HANSCOM AIR FORCE BASE, Mass. -- Master Sgt. Sharlyne Acevedo, Acquisition Intelligence Division superintendent at the Air Force Life Cycle Management Center here, first heard her family survived Hurricane Maria’s direct hit on Puerto Rico seven full days after landfall. In order to get word to Acevedo, they asked a cousin, whose family lived near functioning phones, to call her. Acevedo said she may not have heard, even that long after the storm, if her family wasn’t closely knit.
Hurricanes Irma and Maria are keenly felt by the relatives and friends of Puerto Ricans throughout the world. Six Airmen and civilians, members of the Hanscom Hispanic Latin American Community on Facebook, spoke with the Hansconian Sept. 29 to tell their stories.
“Our families may not have had much to start with, but now we’re trying to help them get water, that basic thing. It’s very emotional, and it’s heartbreaking and frustrating that we can’t get it to them yet,” said Tech. Sgt. Vimarie Rodriguez, Medical Logistics section chief of the 66th Medical Squadron, who is organizing a food drive targeting families of Hanscom Airmen impacted by the storm.
Puerto Rico, a U.S. territory whose residents are U.S. citizens, suffered a one-two punch as Hurricane Irma grazed the island Sept. 6, knocking out power for most of its population. The eye of that storm did not hit the island, and it was, at the time, the most powerful storm documented in the Caribbean. Days later, before power could be restored in most areas, Hurricane Maria bisected the island. Maria took the title from Irma as the most powerful Caribbean storm, barely shy of a Category 5 when it made landfall, impacting 3.4 million Puerto Rican inhabitants.
Some Airmen are responding to the tragedy by trying to get their families off the island. Staff Sgt. Jasmine Stewart, 66th Medical Squadron Medical Readiness Office non-commissioned officer in charge, is working to get her two sisters, 13 and 16, to the U.S. as dependents. Her first sergeant and leadership are helping to expedite the paperwork. Stewart acquired plane tickets, but they are expensive and frequently canceled at the last minute.
“My co-workers are taking time to look for flights for my family on their own time, using their cell phones,” said Tech. Sgt. Victor Portes-Garcia, 66th Security Force Squadron NCOIC of the Military Working Dog section. Portes-Garcia supervises 10 Airmen and cares for six working dogs. “They’re helping, and I don’t expect it of them. But they know it needs to be done.”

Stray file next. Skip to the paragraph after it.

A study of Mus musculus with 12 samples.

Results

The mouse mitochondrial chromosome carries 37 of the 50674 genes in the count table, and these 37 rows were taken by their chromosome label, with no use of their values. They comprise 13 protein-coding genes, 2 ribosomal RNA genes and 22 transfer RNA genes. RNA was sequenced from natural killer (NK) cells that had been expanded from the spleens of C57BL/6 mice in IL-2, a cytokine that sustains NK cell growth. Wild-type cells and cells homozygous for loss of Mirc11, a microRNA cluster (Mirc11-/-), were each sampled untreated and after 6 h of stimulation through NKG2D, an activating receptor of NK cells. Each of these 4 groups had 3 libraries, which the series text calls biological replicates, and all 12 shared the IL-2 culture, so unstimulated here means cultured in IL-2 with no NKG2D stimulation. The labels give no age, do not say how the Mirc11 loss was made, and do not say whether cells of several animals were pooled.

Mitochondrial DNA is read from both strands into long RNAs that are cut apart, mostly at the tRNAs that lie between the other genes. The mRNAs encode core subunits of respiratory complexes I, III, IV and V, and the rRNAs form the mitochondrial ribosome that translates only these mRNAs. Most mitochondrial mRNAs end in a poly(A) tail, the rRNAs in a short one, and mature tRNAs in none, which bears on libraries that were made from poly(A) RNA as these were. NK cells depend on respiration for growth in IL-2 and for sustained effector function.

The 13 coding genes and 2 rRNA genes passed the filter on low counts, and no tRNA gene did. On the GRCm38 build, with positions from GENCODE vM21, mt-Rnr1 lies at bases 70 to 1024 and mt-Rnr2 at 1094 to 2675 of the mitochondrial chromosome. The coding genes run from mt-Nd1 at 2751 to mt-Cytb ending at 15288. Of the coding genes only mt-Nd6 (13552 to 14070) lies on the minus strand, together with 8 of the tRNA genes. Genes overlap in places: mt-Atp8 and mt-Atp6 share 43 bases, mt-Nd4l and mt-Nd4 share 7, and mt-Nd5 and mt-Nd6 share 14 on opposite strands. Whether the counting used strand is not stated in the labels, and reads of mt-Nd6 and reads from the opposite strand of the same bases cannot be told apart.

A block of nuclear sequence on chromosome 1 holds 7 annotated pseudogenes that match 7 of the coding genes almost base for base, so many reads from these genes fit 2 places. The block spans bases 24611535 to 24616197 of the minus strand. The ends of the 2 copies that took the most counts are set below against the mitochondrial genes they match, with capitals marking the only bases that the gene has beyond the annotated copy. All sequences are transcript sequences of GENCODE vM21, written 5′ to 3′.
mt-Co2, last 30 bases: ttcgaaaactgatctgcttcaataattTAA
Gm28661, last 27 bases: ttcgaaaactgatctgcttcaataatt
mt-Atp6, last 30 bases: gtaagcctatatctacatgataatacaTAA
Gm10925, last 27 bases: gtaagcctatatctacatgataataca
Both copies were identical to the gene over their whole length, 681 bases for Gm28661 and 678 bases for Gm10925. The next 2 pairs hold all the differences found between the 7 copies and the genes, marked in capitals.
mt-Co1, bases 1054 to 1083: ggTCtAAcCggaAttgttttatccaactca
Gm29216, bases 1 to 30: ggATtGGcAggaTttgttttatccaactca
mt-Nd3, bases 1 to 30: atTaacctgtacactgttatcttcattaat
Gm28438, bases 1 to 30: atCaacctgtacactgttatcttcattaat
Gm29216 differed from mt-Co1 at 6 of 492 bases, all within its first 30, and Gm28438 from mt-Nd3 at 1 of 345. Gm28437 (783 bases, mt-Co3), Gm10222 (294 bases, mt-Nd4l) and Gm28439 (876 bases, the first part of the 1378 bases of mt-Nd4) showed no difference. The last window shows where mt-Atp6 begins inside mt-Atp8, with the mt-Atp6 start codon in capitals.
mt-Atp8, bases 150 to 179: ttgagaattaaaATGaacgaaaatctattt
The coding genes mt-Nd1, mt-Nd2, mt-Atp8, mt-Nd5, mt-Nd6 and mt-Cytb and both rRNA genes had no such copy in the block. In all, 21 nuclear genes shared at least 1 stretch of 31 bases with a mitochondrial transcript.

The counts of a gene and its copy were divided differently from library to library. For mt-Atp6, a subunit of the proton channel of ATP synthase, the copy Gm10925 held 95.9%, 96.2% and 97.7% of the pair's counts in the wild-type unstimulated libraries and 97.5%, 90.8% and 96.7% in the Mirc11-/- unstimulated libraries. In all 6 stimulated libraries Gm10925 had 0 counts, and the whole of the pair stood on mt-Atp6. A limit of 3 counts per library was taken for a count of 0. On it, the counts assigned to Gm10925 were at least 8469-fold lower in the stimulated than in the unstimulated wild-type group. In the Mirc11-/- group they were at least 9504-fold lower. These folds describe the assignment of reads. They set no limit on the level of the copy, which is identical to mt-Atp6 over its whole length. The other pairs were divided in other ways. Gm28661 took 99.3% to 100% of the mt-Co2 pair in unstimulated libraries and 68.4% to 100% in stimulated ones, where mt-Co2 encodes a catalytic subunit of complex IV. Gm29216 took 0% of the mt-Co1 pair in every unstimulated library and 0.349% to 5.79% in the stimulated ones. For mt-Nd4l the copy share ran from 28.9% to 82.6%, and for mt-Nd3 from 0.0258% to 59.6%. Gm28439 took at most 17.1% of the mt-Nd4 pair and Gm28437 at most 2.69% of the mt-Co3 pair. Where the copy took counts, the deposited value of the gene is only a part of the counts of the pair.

When asked what people can do to help, the Airmen named dozens of necessities that may already be on the island, but are frozen in place by insufficient logistics such as limited trucks, damaged roads and destroyed distribution centers.
Airmen from a nearby unit, the 143rd Airlift Wing of the Rhode Island Air National Guard, are replacing some of those logistics, flying frequent supply trips to multiple Caribbean areas damaged in this year’s record-breaking hurricane season. In addition, multiple military units are mobilized to provide immediate relief and repair destroyed infrastructure.
David and Dylan Guadalupe, a father and son who are civilian employees of separate acquisition units on base, frequently visit their extended family on the island. David said his parents, Dylan’s grandparents, 91 and 86 years old, escaped soon after the storm. They stayed at a hotel to weather the storm, and that hotel company flew their guests to the United States on a charter flight Sept. 26.
“My parents barely felt the storm,” said David Guadalupe. “But there is still a lot of our family in need, and I hope we can help make people aware of what they need right now.”